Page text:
Imagine a world where all of television is commercial-free. According to one panelist at a session during last week’s NATPE conference in Miami Beach, that reality is already here for an entire generation of younger viewers.
“There is a generation of viewers who are becoming accustomed to seeing everything without commercials,” said panelist Mark Greenberg, president and CEO of Epix. It was an insight I had never thought of myself, and if this statement had come out of an ad industry panel session, the buzzing in the room would have been palpable.
As it happened, this particular audience of programming types -- content creators, buyers, sellers and wannabes -- let the statement go without any noticeable stir.
Greenberg was part of a panel titled “Scripted State of the Union: Will Creative Excellence Survive Tough Business Realities?” NATPE is the National Association of Television Program Executives. Its annual conference -- formerly a marketplace for national syndicators to pitch their shows to broadcasters – now attracts attendees from across the entire “content” spectrum.
This particular panel session was not primarily about advertising, but the subject arose when the participants entered a discussion contrasting the scripted shows seen on pay cable and streaming services such as Amazon and Netflix and the ones that are produced for commercial TV.
The consensus was that developing a hit show for a broadcast network still represents a “home run” for anyone who is talented and/or lucky enough to come up with the next “Big Bang Theory.” But since such home runs are rare, creative types are gravitating more to these other program platforms where their creative freedom is not restricted and the compensation, while not on the level of network television, is still nothing to sneeze at.
The place where [creative] people are least likely to go to is conventional broadcast network television,” said one panelist, agent Peter Benedek, a founding partner in the United Talent Agency. “They will freely forsake [the potential for a huge payday] to go somewhere they can really write something they’re going to be proud of,” insisted another panelist, Gary Levine, president of programming for Showtime.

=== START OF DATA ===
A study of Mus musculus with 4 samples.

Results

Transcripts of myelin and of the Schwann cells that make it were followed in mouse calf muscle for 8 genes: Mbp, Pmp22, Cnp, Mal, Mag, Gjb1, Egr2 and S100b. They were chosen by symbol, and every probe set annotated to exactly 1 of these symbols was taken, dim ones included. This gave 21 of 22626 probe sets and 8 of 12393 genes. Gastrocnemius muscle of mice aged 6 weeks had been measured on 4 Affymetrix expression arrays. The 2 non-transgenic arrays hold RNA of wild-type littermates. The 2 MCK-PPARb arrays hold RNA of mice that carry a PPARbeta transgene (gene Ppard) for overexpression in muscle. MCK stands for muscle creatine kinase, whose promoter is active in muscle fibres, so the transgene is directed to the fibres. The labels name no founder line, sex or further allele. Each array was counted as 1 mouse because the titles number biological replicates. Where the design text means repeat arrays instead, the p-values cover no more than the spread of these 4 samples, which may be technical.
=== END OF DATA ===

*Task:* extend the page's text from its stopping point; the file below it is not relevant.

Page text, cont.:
A great deal of the discussion was devoted to a programming executive who wasn’t there -- FX President John Landgraf, who has been at the vanguard of developing edgy comedies and dramas in this current Golden Age of scripted TV. Landgraf’s opinion, which he first voiced last summer, is that there are really “too many” quality scripted shows for audiences to really absorb. His “too much TV” comments have been widely discussed for months in the TV industry.
On the NATPE panel, opinions about what Landgraf said were mixed. Levine was one panelist who disagreed. “We seem to be the only part of the culture that bemoans an abundance of quality programming,” he said. “When was the last time somebody complained there were too many good movies or restaurants in your neighborhood? There are 320 million Americans, and the idea that there’s 400 scripted series is a disaster?”
Elsewhere at NATPE, another panel discussion focused on the intersection of TV content and product-integration. And if we are heading toward a future in which commercial breaks are to be done away with, then integrating brands within TV shows will become all the more important -- perhaps becoming the only way to “advertise” on TV (except for live broadcasts such as sports events whose built-in breaks are tailor-made for commercials and would likely remain so).
Among the participants on this panel -- titled “Masters of Marketing: What Brands Need to See” -- was producer Dan Harmon, best known as the creator of NBC’s “Community.” The sitcom about a community college first aired on NBC and then had its final season last year on Yahoo.
“Community” was known for its brand tie-ins, particularly with Subway sandwiches. One infamous episode in 2012 had an entire storyline in which the brand was the central focus. Not only was a Subway banner festooned across the set, but a guest character was actually named “Subway” and other characters greeted each other throughout the episode with the words “Eat fresh.”
One might have expected Harmon -- a man known for being outspoken and rebellious -- to come out strongly against such an intrusion on his TV show, but he said last week that he never had a problem with it, particularly after he got Subway to agree to not interfere with what he was doing. Among other things, Subway wanted a representative on the set and Harmon refused. To his amazement, Subway backed off of this demand (and others), and still kicked in $300,000 toward the cost of production and Harmon was left to do whatever he wanted.
Harmon said he felt at the time that Subway’s involvement in the show was no different than the involvement of the other corporate partners he had to deal with -- namely, NBC, Sony, Paramount and all the other entities listed as co-producers.
“Everything is merging together now and I’m looking forward to the day [when] there’s simply more people willing to pay money to tell stories,” Harmon said.